Yes, this week our landlord decided to take down a massive oak tree right next to our house. And, when asked, allowed us to take the fallen wood for ourselves, as long as we split it ourselves.
I came home to my husband grinning from ear to ear. He brought me outside like it was Christmas morning and showed me his new ax and his new splitter. Mind you, this medical student was in the middle of two weeks of finals, but this did not stop his drive to chop all of the wood. (It helped that another neighbor was vying for the same load of wood, too ;)
You wouldn't believe how many pictures I tried to snap of this man cutting wood. He never stopped moving, they're all blurry, and none of them catch the childish grin pasted on his face.
One day he came inside and said, "I don't know if I'll be able to move my hands in the OMM (Osteopathic Manipulative Medicine) practical tomorrow." He yearns for hard labor and exercise and opportunities to use his tools to complete a necessary task. Never seeking to something impractical or to spend extraneous money, he is known to go to some extremes. Nothing would stop him from enjoying the cutting of this wood and splitting of kindling. And, let it be known, his practical went without a flaw.
Another extreme has to do with his search for wooden pallets. This summer we went to the school board office so that I could sign my contract and Jim waited in the car while I went inside. When I got back in the car there was a pallet of wood from a parking lot across the street. He used this to make us a beautiful three-drawer dresser for the bathroom. I say beautiful, yes. That's definitely how I would describe this pallet wood furniture because he sanded it and chose pieces with a beautiful orange and blue tint. A new and prized furniture item in our house.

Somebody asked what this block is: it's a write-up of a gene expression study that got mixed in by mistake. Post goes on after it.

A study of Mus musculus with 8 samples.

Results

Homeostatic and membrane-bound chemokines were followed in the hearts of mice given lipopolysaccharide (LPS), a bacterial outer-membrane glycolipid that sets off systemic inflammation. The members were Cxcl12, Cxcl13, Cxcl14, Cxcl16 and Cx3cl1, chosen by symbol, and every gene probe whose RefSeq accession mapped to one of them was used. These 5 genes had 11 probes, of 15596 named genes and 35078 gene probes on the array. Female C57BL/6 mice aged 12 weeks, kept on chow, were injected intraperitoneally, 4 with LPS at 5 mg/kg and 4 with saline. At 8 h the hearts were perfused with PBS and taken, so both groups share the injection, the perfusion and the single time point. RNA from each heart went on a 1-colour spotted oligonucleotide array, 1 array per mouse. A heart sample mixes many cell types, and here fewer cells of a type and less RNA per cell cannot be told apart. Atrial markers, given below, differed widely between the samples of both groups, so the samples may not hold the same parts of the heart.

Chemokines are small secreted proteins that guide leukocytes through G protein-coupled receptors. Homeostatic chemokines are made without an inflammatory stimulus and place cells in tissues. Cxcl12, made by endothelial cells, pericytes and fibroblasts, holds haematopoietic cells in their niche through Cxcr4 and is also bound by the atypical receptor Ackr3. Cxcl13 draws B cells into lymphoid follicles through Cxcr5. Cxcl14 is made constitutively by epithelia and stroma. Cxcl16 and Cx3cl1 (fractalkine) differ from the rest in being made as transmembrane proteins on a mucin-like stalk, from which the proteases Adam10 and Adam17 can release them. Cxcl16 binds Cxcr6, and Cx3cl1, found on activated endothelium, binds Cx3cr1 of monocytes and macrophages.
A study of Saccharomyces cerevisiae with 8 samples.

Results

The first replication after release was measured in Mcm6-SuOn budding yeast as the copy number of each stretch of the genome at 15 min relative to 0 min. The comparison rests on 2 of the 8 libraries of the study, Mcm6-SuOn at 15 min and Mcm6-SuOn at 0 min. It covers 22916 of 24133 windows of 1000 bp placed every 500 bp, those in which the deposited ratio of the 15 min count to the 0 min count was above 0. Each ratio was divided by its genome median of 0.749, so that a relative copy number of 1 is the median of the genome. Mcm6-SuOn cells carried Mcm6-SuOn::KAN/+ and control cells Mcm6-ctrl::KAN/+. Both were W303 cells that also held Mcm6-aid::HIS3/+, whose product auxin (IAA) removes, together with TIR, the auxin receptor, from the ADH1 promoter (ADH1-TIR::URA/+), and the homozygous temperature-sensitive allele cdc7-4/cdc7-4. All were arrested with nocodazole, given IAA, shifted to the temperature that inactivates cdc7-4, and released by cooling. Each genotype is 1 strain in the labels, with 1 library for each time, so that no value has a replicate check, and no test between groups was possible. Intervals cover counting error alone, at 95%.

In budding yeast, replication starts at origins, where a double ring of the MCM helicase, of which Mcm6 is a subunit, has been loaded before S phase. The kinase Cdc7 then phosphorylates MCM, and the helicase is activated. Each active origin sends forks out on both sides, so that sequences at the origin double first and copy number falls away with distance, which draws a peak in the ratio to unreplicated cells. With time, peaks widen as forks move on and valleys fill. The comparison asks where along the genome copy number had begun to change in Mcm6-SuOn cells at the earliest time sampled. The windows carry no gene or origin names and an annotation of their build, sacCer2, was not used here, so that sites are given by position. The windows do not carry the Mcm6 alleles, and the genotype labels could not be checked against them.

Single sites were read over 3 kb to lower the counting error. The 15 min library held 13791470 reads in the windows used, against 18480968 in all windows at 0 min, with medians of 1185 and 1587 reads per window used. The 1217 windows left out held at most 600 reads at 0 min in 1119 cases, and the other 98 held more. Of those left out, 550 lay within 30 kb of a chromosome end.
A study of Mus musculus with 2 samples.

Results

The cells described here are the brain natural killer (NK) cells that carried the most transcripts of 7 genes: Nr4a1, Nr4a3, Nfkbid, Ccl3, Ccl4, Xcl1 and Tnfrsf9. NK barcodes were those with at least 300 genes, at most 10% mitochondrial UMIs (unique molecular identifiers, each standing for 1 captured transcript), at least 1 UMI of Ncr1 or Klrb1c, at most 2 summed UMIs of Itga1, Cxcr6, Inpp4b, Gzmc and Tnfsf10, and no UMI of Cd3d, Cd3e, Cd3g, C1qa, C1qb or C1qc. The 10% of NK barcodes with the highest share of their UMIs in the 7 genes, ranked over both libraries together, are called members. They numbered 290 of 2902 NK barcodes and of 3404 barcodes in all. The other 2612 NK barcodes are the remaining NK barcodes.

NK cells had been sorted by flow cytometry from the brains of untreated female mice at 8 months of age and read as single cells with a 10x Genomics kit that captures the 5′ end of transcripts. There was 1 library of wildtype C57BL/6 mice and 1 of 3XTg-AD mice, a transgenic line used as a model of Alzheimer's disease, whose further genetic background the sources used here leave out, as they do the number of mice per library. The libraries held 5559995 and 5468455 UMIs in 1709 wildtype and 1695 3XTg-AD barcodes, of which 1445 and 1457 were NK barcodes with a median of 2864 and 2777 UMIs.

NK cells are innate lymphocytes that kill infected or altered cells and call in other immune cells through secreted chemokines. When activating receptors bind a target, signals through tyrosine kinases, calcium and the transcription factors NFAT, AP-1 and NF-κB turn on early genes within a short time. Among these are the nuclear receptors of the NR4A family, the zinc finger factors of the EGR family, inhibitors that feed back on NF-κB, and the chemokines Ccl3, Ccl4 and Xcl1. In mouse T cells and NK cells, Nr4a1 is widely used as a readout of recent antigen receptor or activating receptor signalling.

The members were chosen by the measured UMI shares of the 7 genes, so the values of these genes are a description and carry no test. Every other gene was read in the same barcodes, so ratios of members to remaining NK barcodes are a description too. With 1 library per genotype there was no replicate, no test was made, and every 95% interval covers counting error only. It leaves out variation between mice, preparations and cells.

But most of the time he gets his pallets from the dumpster in a parking lot of a company on his bike ride home from school. It's free and it assists him in his passion for woodworking on a low budget!
This man is also finishing a dog house for our dogs. The house is made out of MANY things and all of them haven't cost us a cent. Well, all except the $6.00 straw bale I picked up from Southern States. It's made of straw, sawdust (from my school's wood shop), wooden pallets, cardboard (many, many of our old cereal boxes, shoe boxes, and whatnot), wine bottles, dirt, and mud.
To go with the theme of this week we attended the Highlander Festival in Radford, VA yesterday morning. It was a true treat to walk around the Scottish, Irish, and Celtic craft booths, hear the bagpipes, and watch the athletes in kilts compete in throwing a 17 pound rock the largest distance. Back to Jim's Scottish roots and back to his love for hard, rough tasks.
All while completing two weeks of finals. He knows how to balance. Never ceases to amaze me.